Blooming cotton field next to to corn with maturing ears. ©Debra L Ferguson Stock Photography

    The USDA released its annual Acreage Report, which provided the markets with a more accurate idea of spring planting progress and what potential supply implications may be in store for the 2023 crop year. On the demand side, USDA also released its Quarterly Grain Stocks report, which shows usage rates between March 1, 2022 and June 1, 2022. These supply levels will change 2021/22 ending stocks and 2022/23 beginning stock levels in the July 2022 World Agricultural Supply and Demand Estimates report, which will be released July 12th.

    USDA shocked the markets by forecasting higher soybean acres than corn for only the third time in history in its March 31st reports. It seems, however, that markets have accepted the new reality of higher input costs and lucrative alternative crop options to corn and soybeans.

    Crop return margins are expected to be much tighter than the March 31st Prospective Plantings report estimated after planting season was delayed by cool and wet weather, forcing growers in the Upper Midwest and Northern Plains to abandon planting plans. Pre-report trade estimates suggested 89.9 million acres for corn and 90.4 million acres for soybeans.

    Climatological conditions in the U.S. should be the biggest fundamental factor determining corn and soybean price action during July. Currently, those weather forecasts are looking mostly favorable for crop development and unfavorable for prices. Outside influences have been negative for agricultural futures so far, with crude oil futures weaker, the dollar stronger and U.S. stock index futures under renewed pressure from economic worries.

    Overall, the report resulted in a rather muted market response. A slightly larger corn area at the expense of soybeans had been anticipated for some time so confirmation came as little surprise. USDA estimates corn plantings just 60,000 acres above the average pre-report trade estimate and up 431,000 from the Prospective Plantings Report at the end of March.

    At 89.921 million, corn acres this year are down 3.436 million acres from year-ago. USDA says on June 1, 2022, there were still 4.027 million acres of corn left to plant. That compares to the June 1, 2021, unplanted total of 2.175 million.


    Soybean plantings are 2.121 million acres below the average pre-report trade estimate and are 2.63 million acres below acreage indicated in the Prospective Plantings Report. At 88.325 million, soybean plantings are up 1.13 million from year-ago. USDA says on June 1, 2022, 15.806 million bean acres were left to plant. That compares to 9.836 million unplanted bean acres on June 1, 2021. USDA’s June 1 bean planted acreage estimate is below the lowest pre-report trade estimate by 410,000 acres.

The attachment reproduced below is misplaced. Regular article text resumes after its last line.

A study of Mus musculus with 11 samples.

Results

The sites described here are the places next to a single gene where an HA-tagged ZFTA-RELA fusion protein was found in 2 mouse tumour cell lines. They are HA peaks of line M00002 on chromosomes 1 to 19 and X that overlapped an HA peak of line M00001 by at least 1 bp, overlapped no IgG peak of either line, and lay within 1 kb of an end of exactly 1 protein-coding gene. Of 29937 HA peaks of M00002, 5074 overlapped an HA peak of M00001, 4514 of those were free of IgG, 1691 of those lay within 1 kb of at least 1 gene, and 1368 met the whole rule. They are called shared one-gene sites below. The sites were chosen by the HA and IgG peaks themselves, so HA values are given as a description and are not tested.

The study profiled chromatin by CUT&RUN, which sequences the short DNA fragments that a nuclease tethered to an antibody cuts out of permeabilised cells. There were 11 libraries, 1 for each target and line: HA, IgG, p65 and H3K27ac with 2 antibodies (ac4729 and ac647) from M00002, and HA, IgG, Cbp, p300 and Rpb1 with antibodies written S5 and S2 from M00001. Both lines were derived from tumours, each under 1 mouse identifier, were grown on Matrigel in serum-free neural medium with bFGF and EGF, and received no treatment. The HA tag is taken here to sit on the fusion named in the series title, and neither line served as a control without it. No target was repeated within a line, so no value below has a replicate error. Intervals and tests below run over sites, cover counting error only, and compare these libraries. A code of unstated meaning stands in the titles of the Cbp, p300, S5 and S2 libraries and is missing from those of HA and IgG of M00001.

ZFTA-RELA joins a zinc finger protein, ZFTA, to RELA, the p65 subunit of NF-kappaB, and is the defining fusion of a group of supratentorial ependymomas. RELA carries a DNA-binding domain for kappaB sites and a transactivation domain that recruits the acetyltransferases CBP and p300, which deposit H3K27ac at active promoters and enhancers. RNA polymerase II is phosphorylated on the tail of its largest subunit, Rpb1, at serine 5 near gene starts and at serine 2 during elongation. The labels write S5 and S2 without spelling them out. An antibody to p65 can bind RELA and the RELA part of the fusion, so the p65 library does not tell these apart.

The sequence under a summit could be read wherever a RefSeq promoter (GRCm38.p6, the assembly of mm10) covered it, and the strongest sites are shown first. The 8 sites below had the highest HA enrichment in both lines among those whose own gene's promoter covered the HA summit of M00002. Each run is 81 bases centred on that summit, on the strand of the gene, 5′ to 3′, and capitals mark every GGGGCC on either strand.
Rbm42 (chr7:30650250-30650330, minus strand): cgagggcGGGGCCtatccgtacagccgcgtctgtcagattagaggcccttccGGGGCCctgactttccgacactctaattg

Compared to the March Prospective Plantings Report, soybean acres exceeded intentions in Illinois (up 200,000 acres). Bean plantings fell short of intentions in Arkansas (down 50,000 acres), Indiana (down 150,000), Iowa (down 100,000), Michigan (100,000), Minnesota (down 500,000), Missouri (down 200,000), Nebraska (down 100,000), North Dakota (down 1.1 million), Ohio (down 150,000), South Dakota (down 200,000) and Wisconsin (down 50,000 acres from March intentions). Bean plantings matched intentions in Kansas.

    There was no big news for the market in the USDA report, which pegged U.S. all-cotton plantings about 180,000 acres above the average of trade expectations. Dry weather in West Texas is a supportive market factor along with an absence of rainfall in near-term forecasts. Cotton futures are up slightly following the release of the USDA report.

    Rice futures are feeling pressure from weakness in other grain markets, despite a mildly supportive USDA acreage number. USDA pegged U.S. all-rice seedings at 2.343 million acres, below the average of trade expectations and down nearly 200,000 from last year. Rice futures are up 14 cents in the most-active September contract.


    Growing liquidation of the U.S. cattle herd is also a bearish demand signal for corn markets. The sector will likely continue to rely on expanding ethanol production to carry demand prospects through the summer months. And with expanded blending limits for the summer and consumers eager to get back to pre-pandemic travel activities.

    Corn stocks in all positions on June 1, 2022 totaled 4.35 billion bushels, up 6 percent from June 1, 2021. Of the total stocks, 2.12 billion bushels are stored on farms, up 22 percent from a year earlier. Off-farm stocks, at 2.23 billion bushels, are down 6 percent from a year ago. The March – May 2022 indicated disappearance is 3.41 billion bushels, compared with 3.58 billion bushels during the same period last year.

    Soybean markets are bracing for what looks to be the highest Q3 usage reading for soybeans on record. That volume is likely to be over a quarter higher than the same reading a year ago thanks to a record soybean crop last fall. Strong Q4 usage is the result of unseasonably high soybean export demand and expanding domestic crush production. If realized, it will likely be the largest Q3 usage reading for soybeans on record.


    Rough rice stocks in all positions on June 1, 2022 totaled 56.6 million hundredweight (cwt), down 10 percent from the total on June 1, 2021. Stocks held on farms totaled 5.87 million cwt and off-farm stocks totaled 50.7 million cwt. Long grain varieties accounted for 67 percent of the total rough rice, medium grain accounted for 32 percent, and short grain varieties accounted for 1 percent.

    Milled rice stocks in all positions totaled 6.01 million cwt, up 15 percent from a year ago. Milled rice stocks were comprised of 4.22 million cwt of whole kernel rice and 1.79 million cwt of second heads, screenings, and brewers rice.